Concert Photography: Timing

Metallica @ the Scottrade Center -- 2008.11.17

Despite the often demanding time constraints of concert photography, sometimes it pays to slow down and observe before going in with shutter blazing. With shooting gigs, like so many things, timing is everything.

Learning to see and anticipate the subtle rhythms of a performance is one skill employed by experienced concert photographers and which can help set your work apart.

A Study In Three Songs

I often think of concert photography as a very quick portrait study of one or more musicians under highly demanding conditions. Just like a portrait shoot, the charge is to deliver compelling images of a subject; the dim lighting, limited access, and unpredictable conditions are secondary.

The same demands of portraiture for observing the subjects to determine their best treatment still factor into concert photography. However, instead of the ability to built a rapport with one's subject and instruct pose, live music shooters must rely more on a different skill-set to best capture the action on stage.

The Visual Rhythm

While a large portion of concert photography may come down to instinct and reaction, with a little patience and proper timing, gaining an awareness of the subtle rhythms of a set can translate into more dynamic images.

Just as their own music relies on choruses, refrains and other structures, musicians will fall into patterns in their own movements, gestures, and expressions.

Whether these repetitions take the form of a singer gesturing to the audience during the chorus, a jump kick from the bassist going into the breakdown, or the guitarist coming to the edge of the stage with every solo, these small moments can come to define a performance.

Moreover, attention to these subtle and essential physical rhythms that may mean the difference between making a solid but unremarkable set of images and bringing home a truly epic, portfolio-quality shot.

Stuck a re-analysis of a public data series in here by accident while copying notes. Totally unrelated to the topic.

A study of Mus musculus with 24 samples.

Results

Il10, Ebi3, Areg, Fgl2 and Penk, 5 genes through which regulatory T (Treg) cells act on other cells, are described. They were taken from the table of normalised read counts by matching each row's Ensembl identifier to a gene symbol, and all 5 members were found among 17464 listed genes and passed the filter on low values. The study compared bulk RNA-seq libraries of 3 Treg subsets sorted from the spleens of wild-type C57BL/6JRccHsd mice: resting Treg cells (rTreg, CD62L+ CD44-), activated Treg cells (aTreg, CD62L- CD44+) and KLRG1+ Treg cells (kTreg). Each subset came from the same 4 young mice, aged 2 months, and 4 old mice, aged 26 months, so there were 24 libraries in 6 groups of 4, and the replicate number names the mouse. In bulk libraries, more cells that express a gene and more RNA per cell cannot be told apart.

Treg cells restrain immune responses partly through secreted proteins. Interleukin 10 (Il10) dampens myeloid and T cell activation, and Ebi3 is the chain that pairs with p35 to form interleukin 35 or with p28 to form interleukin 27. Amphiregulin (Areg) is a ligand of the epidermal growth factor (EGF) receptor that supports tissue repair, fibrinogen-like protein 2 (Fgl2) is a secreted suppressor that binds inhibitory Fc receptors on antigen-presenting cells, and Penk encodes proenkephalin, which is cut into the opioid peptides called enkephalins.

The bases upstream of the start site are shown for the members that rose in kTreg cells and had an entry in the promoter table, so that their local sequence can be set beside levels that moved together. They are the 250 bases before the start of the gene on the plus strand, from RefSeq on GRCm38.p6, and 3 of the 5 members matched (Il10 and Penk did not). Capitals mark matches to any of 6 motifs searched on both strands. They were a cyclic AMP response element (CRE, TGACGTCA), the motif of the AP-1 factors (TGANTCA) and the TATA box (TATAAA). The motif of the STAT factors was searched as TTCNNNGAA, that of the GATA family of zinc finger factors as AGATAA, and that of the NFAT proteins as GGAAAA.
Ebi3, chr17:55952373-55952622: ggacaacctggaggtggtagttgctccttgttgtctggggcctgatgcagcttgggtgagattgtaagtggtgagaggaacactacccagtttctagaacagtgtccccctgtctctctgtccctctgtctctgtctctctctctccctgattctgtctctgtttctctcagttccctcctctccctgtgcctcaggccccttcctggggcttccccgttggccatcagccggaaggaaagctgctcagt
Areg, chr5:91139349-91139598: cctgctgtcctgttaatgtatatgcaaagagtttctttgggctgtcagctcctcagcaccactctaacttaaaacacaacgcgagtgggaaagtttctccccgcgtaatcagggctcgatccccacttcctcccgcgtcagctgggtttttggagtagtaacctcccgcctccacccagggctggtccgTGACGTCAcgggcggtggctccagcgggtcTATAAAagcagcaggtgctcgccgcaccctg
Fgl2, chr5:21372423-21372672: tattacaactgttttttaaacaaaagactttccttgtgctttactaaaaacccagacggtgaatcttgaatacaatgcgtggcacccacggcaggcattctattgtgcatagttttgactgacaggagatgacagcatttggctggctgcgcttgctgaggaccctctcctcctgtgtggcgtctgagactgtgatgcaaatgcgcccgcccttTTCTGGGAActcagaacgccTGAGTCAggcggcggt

Lighting & Timing

Beyond the performers themselves, the lighting effects will often follow similar patterns that can be identified and utilized.

Attention to the timing of lighting is especially important for shows that use very short-duration effects, like pyrotechnics, strobes, or high-intensity flare-ups. These treatments are often synchronized with elements of the song structure, and may coordinate with interesting parts of the band's physical performance as well.

For some shooters, it may be useful to think of the lighting effects as additional members of the band, each with their own coordinated contributions to the production.

At best, the savvy photographer can catch both the essential gesture and lighting in a single shot. Keen attention to the natural structure and flow of a performance can allow one to transition from the “lucky shot” to careful calculation.

End Notes

While luck and hail-mary shots will always their place in concert photography, the virtues of timing and keen observation go a long way in supplementing those rare moments of a concert with insight and action.

In essence, attention to the flow of the show for the concert photographer takes a pro-active approach to seek serendipity, calculating for great things to happen and being ready on the shutter release for when they do.

Happy shooting.

My Camera DSLR and Lenses for Concert Photography

Nikon D750:
I use two Nikon D750 for my live music photography. Amazing high ISO performance in a compact body with tons of pro features.
nikon-24-70mm-f28-lens-squareNikon 24-70mm f/2.8:
For most gigs, the 24-70mm is my go-to lens. Exceptional image quality at wide apertures and super-functional range.
Nikon-70-200-squareNikon 70-200mm f/2.8 VR:
A perfect pair to the Nikon 24-70mm f/2.8, I can basically shoot any job with the midrange and this lens. Superb image quality.
nikon-14-24mm-f28-lens-squareNikon 14-24mm f/2.8:
Ultra-wide perspective, ridiculously sharp even wide open at f/2.8. I love using this lens up-close and personal, where it excels.